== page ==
STOCKHOLM/OSLO — Scandinavian airline SAS said on Tuesday it had signed a government-backed bailout deal, a day after regional rival Norwegian Air narrowly avoided bankruptcy through a last-minute debt-to-equity agreement with creditors and shareholders.
The airline signed a 3.3 billion Swedish crown ($336 million) three-year revolving credit facility agreement, 90 percent guaranteed by Sweden and Denmark’s governments, as it looked to beat a path through the coronavirus crisis.
The COVID-19 pandemic and measures to curb its spread have thrown the airline industry into crisis, grounding flights and leaving carriers scrambling to cut costs and staff to cushion the blow.
Many airlines have received or are seeking public backing to see them through the crisis and SAS, part-owned by Sweden and Denmark, had lined up the guarantees from its state owners earlier this year but only now finalized the credit agreement.
“The guaranteed debt package, which has been approved by the European Commission, was implemented in the context of the COVID-19 crisis and is intended to support the airline’s liquidity and prepare for the recovery of its activities,” SAS said in a statement.
SAS is reducing its workforce by about half and said it would continue its work to cut costs and seek additional support from the Scandinavian countries.
“As part of this we will further our dialogue with the Norwegian government to be able to access up to NOK 1.7 billion of additional state guaranteed funding,” SAS CFO Torbjorn Wist said.
The credit facility was coordinated by SEB. Danske Bank, Nordea, SEB and Swedbank were the mandated lead arrangers.
Norwegian sees debt-to-equity plan approved
A day earlier, on Monday, Norwegian Air shareholders backed its financial survival plan, with more than 95 percent of votes cast supporting the conversion of nearly $1 billion of debt into equity and raising more cash from its owners.
The approval follows weeks of negotiations with creditors, while thousands of Norwegian’s pilots and cabin crew were being laid off. The rescue deal prepares the ground for a relaunch of the company in a scaled-down version when the coronavirus crisis subsides.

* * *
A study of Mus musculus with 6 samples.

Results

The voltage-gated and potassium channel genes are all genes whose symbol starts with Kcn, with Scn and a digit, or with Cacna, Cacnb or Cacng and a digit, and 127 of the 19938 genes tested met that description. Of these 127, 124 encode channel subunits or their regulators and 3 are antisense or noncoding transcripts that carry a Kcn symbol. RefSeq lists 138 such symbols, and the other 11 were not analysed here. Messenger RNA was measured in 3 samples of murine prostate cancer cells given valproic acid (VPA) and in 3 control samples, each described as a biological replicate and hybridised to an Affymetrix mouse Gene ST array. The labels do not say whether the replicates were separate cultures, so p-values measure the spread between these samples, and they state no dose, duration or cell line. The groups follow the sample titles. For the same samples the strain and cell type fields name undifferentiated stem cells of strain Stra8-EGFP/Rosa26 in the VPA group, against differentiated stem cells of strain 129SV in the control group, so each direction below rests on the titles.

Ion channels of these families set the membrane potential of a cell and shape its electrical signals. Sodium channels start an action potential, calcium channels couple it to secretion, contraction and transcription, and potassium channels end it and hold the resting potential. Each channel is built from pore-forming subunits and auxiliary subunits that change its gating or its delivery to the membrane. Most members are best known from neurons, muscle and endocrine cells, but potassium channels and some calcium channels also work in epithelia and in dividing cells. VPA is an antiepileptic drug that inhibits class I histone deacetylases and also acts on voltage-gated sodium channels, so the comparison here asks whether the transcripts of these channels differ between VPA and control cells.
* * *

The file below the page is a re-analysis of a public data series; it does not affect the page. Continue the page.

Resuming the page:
Bondholders, who on Thursday narrowly rejected the plan, were back on board on Sunday following additional negotiations. Norwegian now expects a final May 18 vote of creditors to be “almost 100 percent a formality,” the company said.
The budget carrier’s shares rallied 46 percent on news of the plan’s approval, even though owners face significant dilution of their stakes as lenders gain control of the firm.
The rescue deal is a vital part of the airline’s plan to tap government credit guarantees as it seeks to overcome the crisis, which has compounded its already deep financial problems.
Airlines around the world have been hit hard by the pandemic’s impact on travel, with many forced to turn to governments for state aid to avoid bankruptcy.
Norwegian Air, which had amassed debts of around $8 billion at the end of 2019, said ahead of the meeting that it had won “strong support” from aircraft lessors for its plan.
With 95 percent of its fleet grounded due to the pandemic, Norwegian Air has said it could run out of cash by mid-May unless shareholders supported the plan.
Norwegian Air said lessors are now willing to convert at least $730 million of debt into equity, up from $550 million earlier, and talks are ongoing for possible further conversion.
“With the significant contributions from lessors and bondholders, the company expects to convert more than 10 billion crowns ($958 million) in debt to equity,” the company said.
Talks in the past few weeks involved 24 lessors and four separate groups of bondholders as well as banks and shareholders. At the same time, the company was having to ground its fleet as well as try to serve customers stranded by the crisis.
The company will now proceed with the conversion of bonds and lease debt into shares, and a public offering of up to 400 million ($38.4 million) from the sale of new stock.
The debt conversion and share sale will allow Norwegian Air to tap government guarantees of up to 2.7 billion crowns, which hinge on a reduction in leverage, on top of 300 million crowns it has already received.
The plan will hand majority ownership to the airline’s creditors and could leave current shareholders with just 5.2 percent.
The loan could keep Norwegian Air going until the end of 2020, although further cash may be needed as it looks towards a gradual ramp-up next year and normalisation in 2022, albeit with a reduced fleet.
Norwegian Air is only paying invoices vital to maintaining minimum operations, such as salaries for staff still employed and critical IT infrastructure. It has put payments for ground handling, debt and leases on hold.
Reporting by Johannes Hellstrom, Niklas Pollard, Terje Solsvik and Gwladys Fouche; additional reporting by Victoria Klesty.